It’s no secret that cycling is all the rage these days. After all, with the advent of spin classes, interest in cycling has been renewed and continues to grow daily. Despite its popularity, there is one question that begs to be asked: is cycling actually any good for people who are trying to lose weight? cycling for weight loss is real folks.
We know that it may seem a little odd to even have to ask this question, but at this day in age, it’s crucial. After all, with so much misinformation taking place in the health and fitness community these days, there’s no harm in being cautious and doing your research. Marketing and the conversion of weight loss from need to industry makes it hard to distinguish fact from fiction, and there’s no harm in taking everything you hear with a grain of salt. So, is cycling actually good for weight loss? Well, the good news is that cycling actually is a good way to cause weight loss. The question now becomes why and how?
Why is cycling effective? When it comes to pedaling your way to a healthier lifestyle, there are numerous facets that make it an awesome choice for regular exercise. From stronger cardiovascular health to awesome lower body muscles to greater confidence and enjoyment, all of the reasons why cycling is good for weight loss can be categorized into two main reasons:
Cycling is Low Impact
When it comes to losing weight, one of the exercises considered to be the most effective is running. While running is certainly a top calorie torcher in the fitness realm, the problem is that it’s high impact. Running takes a huge toll on your knees, calves, ankles and feet, which means that there’s a high risk for injury if you’re on the heavier end of the spectrum. If you’re largely overweight and it’s an urgent concern to drop the pounds, then running isn’t a good idea for you.
This is where cycling enters the picture as the superior weight loss cardiovascular exercise for large individuals. Not only is cycling low impact, it also attacks weight loss through cardiovascular exercise and muscle training. Cycling is great at strengthening lower body muscles like your glutes, hamstrings, quads without much of a risk for injury. Not only does this help create a leaner body for you, it also means that you’ll burn much more calories at rest.
Cycling Can Be a Social Activity
Often times, what makes exercises ineffective (other than proper form or utilization, of course), is the fact that it isn’t enjoyable. It’s not rocket science, after all. You’re more likely to keep doing something that you enjoy, and cycling is an exercise that you can do socially with your friends and family during weekends or in the mornings. You can even replace your morning drive to work with a morning cycle to squeeze in your exercise daily and possibly even avoid rush hour traffic.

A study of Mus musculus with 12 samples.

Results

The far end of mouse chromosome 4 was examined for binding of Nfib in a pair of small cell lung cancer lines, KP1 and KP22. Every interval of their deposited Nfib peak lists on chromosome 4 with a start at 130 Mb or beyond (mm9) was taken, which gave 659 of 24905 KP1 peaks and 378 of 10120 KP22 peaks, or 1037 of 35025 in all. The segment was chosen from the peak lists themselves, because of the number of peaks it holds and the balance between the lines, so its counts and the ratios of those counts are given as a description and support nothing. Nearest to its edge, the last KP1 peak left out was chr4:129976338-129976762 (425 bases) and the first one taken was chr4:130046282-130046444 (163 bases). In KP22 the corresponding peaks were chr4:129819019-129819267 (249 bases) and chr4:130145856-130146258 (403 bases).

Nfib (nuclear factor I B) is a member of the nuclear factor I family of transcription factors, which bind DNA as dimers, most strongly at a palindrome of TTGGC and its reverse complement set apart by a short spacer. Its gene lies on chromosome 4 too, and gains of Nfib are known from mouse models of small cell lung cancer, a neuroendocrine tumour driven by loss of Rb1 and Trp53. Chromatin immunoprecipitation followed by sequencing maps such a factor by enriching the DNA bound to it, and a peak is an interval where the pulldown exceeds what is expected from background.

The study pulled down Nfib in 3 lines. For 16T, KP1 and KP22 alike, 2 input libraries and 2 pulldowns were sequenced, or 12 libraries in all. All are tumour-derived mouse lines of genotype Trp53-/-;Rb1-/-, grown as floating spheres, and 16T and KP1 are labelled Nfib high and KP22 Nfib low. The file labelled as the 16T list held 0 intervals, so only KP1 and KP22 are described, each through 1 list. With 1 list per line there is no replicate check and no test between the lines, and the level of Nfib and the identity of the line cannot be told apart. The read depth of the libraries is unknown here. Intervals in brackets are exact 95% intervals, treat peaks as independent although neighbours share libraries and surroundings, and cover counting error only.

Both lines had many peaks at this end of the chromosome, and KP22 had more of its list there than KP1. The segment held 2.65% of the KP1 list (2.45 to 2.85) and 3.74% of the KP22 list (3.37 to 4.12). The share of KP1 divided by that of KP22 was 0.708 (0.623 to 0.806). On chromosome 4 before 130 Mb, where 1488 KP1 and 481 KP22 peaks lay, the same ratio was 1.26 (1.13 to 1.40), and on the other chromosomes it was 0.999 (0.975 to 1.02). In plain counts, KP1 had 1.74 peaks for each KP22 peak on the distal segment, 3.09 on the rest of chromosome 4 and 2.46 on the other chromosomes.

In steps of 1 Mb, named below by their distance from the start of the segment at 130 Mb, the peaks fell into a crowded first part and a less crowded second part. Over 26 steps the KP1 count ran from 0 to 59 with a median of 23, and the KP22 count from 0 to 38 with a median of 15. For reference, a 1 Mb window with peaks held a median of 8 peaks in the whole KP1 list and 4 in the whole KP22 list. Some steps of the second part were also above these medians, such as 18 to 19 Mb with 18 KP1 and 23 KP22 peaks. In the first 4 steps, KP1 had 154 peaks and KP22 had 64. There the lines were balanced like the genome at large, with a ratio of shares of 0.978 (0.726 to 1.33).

Cycling also gives you the opportunity to build new circles and meet new people. Whether you’re doing this outdoors with a cycling club or indoors at a spin class, there’s no doubt that you’re meet new people that will help keep you motivated and committed to cycling.
Now that we know why cycling is effective for weight loss, you need to determine how it’s best for you to do so that you lose the maximum amount of weight with each go on the bike. Some of the things you need to consider include the kind of bike, the environment, the duration, intensity, incline and cross training practices.
Consider Duration Instead of Distance
You don’t have to cycle several hundred miles to lose a decent amount of weight. In fact, when it comes to weight loss, the amount of time you spend on the bike is more important than how far you go on it. What you can do is to start with a 30-minute ride. Make sure to take note of how far you travel within those 30 minutes.
Spend the next week or two aiming to decrease the amount of time it takes for you to run the same distance. When you decrease your time, you can move on to 45-minute, 60-minute and even 120-minute rides.
Consider Intensity Instead of Speed and the Environment
To burn the most number of calories on the bike, it’s importance to work harder and keep your intensity up. In fact, it’s more important than the speed at which you ride the bike. For example, a slow paced ride on a heavy mountain bike that goes up and down inclines will do more for you then a fast but relatively effortless ride on smooth pavement and a cruiser. If you’re riding at a spinning class, intensity is controlled through the resistance settings of the bike. One easy way to add intensity to your ride is to choose a course or a path that has steady inclines and smooth downhill paths to utilize during recovery periods.
Consider Your Bike
Just because we said a mountain bike might help you burn more calories than a cruiser doesn’t mean that you should run out and buy that kind of bike immediately. At the end of the day, it all boils down to which bike you’ll use on a more regular basis. It’s important that you try out as many bikes as you can to figure out which one fits your body the best. Bikes to choose from include road bikes, cruiser bikes, mountain bikes, cross bikes, electric bikes and a recumbent bike.
Don’t Forget to Cross Train
Doing one exercise for too long will have you hitting a plateau so make sure to include cross training in your weight loss program. For example, on non-cycling days, you can do a simple strength training routine at home or even take a fast paced walk around the neighborhood. You can even try exercises like boxing, swimming or yoga to mix things up and get your body to a better calorie-burning state.